Most of our presidents have been “healthy” drinkers, and many have had a fondness for fine wine – with the exception of a few lightweights and teetotalers.
Though Washington was a big whisky producer, he actually loved Madeira much more, and typically ordered it by the pipe (126 gallons). Thomas Jefferson remains the best known presidential oenophile, a lover of wine. He amassed a vast cellar that nearly bankrupted him, acquired extensive knowledge of wine, and also developed a critical palate. Jefferson also attempted time and again to establish Virginia as a quality wine-producing state.
James Polk’s dinners featured as many as six different wines, including Champagne, port and sauternes. Lincoln was personally fairly “dry,” but his wife Mary was one of the first to include domestic wines at White House functions. JFK loved French wines as did Nixon; the latter reportedly instructed his staff to serve mediocre quality red wine to guests while he drank bottles of Chateau Lafite Rothschild (guests were served from bottles with towels wrapped around the label to disguise the distinction).
LBJ, who was unsurprisingly mostly a Scotch whisky man, established the general custom that official White House functions serve domestic wines, paving the way eventually for Reagan, who mostly drank California wines, to serve the first California zinfandel at a state affair.
Interestingly, when kosher wines are wanted at the White House, more often than not they have come from Hagafen Cellars of Napa Valley, Calif., established in 1979. As big fans of Hagafen, we are loath to suggest alternatives. That said, however, if a more in-your-face, powerful style of domestic kosher wine is desired, we would recommend to the White House sommelier the Shirah Wines’ “White Hawk Syrah 2012” ($55). Made of 98 percent syrah and 2 percent viognier sourced from Santa Barbara’s vaunted White Hawk Vineyard – a 60-acre vineyard planted on sand dunes on the south-facing slope of Cat Canyon of the Los Alamos Valley, about 20 miles west of the Pacific and farmed using sustainable and primarily organic methods, with typically minuscule yields. This brilliant, absorbing, meaty wine is intense with nice acidity and booming notes of blackberries, blueberries, and mild black pepper with perhaps a touch of cassia or nutmeg, some leafy tobacco, distinct notes of oak, with a long, hearty, drying tannic finish. Craves a bit of flesh.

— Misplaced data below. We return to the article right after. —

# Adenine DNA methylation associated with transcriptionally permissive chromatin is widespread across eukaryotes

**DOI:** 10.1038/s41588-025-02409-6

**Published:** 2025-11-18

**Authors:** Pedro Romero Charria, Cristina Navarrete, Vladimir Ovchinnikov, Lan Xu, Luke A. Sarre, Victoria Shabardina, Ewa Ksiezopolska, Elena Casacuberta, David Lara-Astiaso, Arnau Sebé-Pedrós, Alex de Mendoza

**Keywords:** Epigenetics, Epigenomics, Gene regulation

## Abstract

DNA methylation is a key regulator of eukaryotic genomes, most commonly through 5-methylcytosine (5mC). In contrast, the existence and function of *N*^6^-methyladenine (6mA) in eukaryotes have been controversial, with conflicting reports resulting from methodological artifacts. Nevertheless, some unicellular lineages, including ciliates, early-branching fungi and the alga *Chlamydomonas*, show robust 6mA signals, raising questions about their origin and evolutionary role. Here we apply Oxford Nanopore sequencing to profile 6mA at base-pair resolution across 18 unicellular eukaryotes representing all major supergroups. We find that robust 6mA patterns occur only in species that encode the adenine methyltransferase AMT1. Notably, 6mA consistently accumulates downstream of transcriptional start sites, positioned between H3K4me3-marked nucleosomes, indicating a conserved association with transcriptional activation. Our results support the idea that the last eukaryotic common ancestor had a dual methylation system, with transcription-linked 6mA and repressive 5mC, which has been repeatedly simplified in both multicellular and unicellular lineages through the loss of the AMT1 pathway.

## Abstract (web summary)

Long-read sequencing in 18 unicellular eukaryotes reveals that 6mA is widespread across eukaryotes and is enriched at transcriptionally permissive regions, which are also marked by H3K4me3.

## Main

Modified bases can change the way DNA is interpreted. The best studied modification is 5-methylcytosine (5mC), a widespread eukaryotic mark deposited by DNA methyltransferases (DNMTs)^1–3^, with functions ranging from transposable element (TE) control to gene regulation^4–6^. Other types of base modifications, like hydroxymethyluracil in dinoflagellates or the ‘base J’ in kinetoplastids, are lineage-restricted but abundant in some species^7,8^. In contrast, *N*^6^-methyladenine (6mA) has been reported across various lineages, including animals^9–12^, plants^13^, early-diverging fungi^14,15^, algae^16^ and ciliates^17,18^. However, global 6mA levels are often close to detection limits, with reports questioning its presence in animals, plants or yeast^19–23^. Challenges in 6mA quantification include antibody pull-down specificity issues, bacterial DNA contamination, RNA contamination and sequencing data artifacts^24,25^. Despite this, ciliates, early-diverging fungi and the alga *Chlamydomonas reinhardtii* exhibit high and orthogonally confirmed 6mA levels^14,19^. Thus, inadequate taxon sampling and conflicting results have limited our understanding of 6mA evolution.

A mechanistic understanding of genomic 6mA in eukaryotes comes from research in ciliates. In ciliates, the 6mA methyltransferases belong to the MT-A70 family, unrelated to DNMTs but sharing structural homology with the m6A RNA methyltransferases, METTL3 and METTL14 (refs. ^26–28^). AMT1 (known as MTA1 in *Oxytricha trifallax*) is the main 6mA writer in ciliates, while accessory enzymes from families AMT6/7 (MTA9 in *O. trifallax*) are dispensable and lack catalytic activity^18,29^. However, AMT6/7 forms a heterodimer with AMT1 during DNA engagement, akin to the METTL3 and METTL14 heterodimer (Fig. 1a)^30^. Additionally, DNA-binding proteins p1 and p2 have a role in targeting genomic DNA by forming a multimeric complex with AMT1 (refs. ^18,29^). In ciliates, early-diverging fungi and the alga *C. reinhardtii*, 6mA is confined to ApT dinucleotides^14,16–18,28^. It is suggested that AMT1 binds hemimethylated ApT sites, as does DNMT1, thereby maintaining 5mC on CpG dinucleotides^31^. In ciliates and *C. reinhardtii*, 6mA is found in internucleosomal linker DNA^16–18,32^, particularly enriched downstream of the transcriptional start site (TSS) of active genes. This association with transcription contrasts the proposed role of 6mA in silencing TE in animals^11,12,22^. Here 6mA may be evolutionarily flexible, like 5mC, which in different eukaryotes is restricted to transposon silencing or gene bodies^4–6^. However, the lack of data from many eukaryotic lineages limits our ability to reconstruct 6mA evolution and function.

Spirits-wise, we recently tasted the latest release from the Oban Distillery, nestled in the lovely seaside town of the same name on Scotland’s western shore (Oban means “Little Bay” in Scottish Gaelic). The resort town developed around the distillery, which was established in 1794, making it a small and un-expandable facility. One of us had the good fortune to visit the distillery a while back, and highly recommend it to others – the tour doesn’t take long, given its compact size, but the experience is memorable, the scenery is very pretty and the town is most inviting.
Part of the Diageo whisky empire, new expressions of Oban don’t come around all that often – but are most welcome. Typically medium-bodied with sweet malty notes and a slightly tangy, salty finish, the Oban 14 year old is one of the featured malts in Diageo’s “Classic Malts” marketing campaign and remains an actual classic Scotch whisky with a bit of a cult following. This new, non-age-statement offering dos not disappoint:
Oban Little Bay Single Malt Scotch Whisky (43 percent abv; $75): Aged in smaller casks to increase the ratio of wood to whisky to render young spirit more palatable sooner, this is wonderfully soft, supple and balanced whisky with beautiful aromas and appealing flavors of dried apricot, a briny, sea-salt tang, distinct yet distant campfire, toffee, hazelnut, coffee bean, baking spices and brown sugar, and all with a rich and gentle texture. The finish adds a little more fruit and subtle smoke, but dissipates rather quickly – making another sip all too easy and inviting. Really yummy. L’Chaim!